Introduction to entropy definition:
The concept of entropy is that nature tends from order to disorder in a finite system. This depicts that the right hand box of molecules happened before the left. Newton’s law to depict the motion of molecules would not tell you which came first
Entropy is a thermodynamic property that is the measure of a system’s thermal energy per unit temperature that is unavailable for doing useful work. Perhaps the most familiar manifestation of entropy is that, following the laws of thermodynamics, entropy of a closed system always increases and in heat transfer situations, heat energy is transferred from higher temperature components to lower temperature components.
In thermally isolated systems, entropy runs in one direction only (it is not a reversible process). One can measure the entropy of a system to determine the energy not available for work in a thermodynamic process, such as energy conversion, engines, or machines.
Such processes and devices can only be driven by convertible energy, and have a theoretical maximum efficiency when converting energy to work. During this work, entropy accumulates in the system, which then dissipates in the form of waste heat.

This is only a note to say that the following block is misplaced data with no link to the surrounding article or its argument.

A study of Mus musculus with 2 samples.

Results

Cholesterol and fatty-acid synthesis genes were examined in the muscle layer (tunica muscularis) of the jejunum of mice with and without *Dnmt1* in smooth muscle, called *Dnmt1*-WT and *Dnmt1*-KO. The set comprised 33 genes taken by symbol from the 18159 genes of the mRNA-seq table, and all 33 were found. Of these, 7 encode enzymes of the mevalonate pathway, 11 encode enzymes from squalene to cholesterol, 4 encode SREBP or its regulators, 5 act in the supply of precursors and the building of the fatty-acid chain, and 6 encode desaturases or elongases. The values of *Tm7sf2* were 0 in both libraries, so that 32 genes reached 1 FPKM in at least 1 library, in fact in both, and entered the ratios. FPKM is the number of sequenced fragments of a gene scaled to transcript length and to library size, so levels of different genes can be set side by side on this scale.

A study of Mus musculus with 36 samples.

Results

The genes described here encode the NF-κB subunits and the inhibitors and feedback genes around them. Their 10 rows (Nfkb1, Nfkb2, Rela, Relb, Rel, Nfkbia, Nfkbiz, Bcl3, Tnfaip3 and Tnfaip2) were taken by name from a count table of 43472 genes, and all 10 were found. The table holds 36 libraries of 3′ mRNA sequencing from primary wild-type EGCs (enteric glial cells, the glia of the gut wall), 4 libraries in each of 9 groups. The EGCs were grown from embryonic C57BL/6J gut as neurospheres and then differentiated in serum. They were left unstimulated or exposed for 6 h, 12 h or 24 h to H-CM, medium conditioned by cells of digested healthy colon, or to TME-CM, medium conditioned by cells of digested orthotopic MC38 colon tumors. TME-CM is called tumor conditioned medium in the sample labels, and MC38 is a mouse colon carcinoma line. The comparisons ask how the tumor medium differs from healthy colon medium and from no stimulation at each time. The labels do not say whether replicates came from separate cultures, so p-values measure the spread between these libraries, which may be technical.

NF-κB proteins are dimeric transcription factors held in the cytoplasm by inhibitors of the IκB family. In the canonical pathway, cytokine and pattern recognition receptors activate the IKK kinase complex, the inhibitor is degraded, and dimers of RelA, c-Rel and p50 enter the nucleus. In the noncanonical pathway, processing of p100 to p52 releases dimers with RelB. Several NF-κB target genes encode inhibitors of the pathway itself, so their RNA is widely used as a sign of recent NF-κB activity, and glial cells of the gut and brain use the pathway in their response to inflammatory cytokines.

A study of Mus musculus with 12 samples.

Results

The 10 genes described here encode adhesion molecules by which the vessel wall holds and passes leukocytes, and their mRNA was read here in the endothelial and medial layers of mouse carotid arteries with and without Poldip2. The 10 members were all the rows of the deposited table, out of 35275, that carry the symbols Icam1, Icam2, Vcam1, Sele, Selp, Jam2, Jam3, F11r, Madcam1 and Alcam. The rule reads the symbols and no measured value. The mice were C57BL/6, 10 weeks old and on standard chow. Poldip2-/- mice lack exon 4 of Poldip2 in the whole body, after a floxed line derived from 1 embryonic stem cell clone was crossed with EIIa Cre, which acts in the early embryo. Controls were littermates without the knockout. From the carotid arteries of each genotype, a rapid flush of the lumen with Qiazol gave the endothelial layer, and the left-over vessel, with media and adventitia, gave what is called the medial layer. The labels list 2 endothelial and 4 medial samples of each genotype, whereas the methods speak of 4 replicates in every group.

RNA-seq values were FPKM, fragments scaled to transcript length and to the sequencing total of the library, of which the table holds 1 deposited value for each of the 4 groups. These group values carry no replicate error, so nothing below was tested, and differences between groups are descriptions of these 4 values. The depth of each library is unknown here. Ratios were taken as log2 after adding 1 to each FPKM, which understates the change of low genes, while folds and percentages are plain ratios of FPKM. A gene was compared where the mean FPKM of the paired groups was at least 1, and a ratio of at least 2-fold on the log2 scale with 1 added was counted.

Entropy and energy (which are actually components of second law and first law of thermodynamics respectively) and their relationship are important to an understanding not just of physics, but to life. Earlier, the second law of thermodynamics was considered as ‘law of disorder’. The main development is the recognition of the “law of maximum entropy production” or “MEP”.
Explanation of Entropy:
If one considers that nature takes things from order to disorder, then it will get almost universal recognition and acceptance. It occurs day in and day out. Spend hours cleaning your desk, your basement, and it seems to spontaneously revert back to disorder and chaos before your eyes. So, we can say that entropy is a measure of disorder, and that nature tends toward maximum entropy for any isolated system and this idea allows us to have a little insight into second law of thermodynamics.
Explanation of Disorder:
Defining “disorder” to understand “entropy” should be done carefully. A more better way to characterize entropy is to say that it is a measure of the “multiplicity” associated with the state of the objects. When we throw a dice, the probability of getting a seven is more than that of getting a two. This is because a seven can be obtained in six different ways while a two can be obtained in one way only. So seven has higher multiplicity than two, and we can conclude that a seven represents higher “disorder” or higher entropy.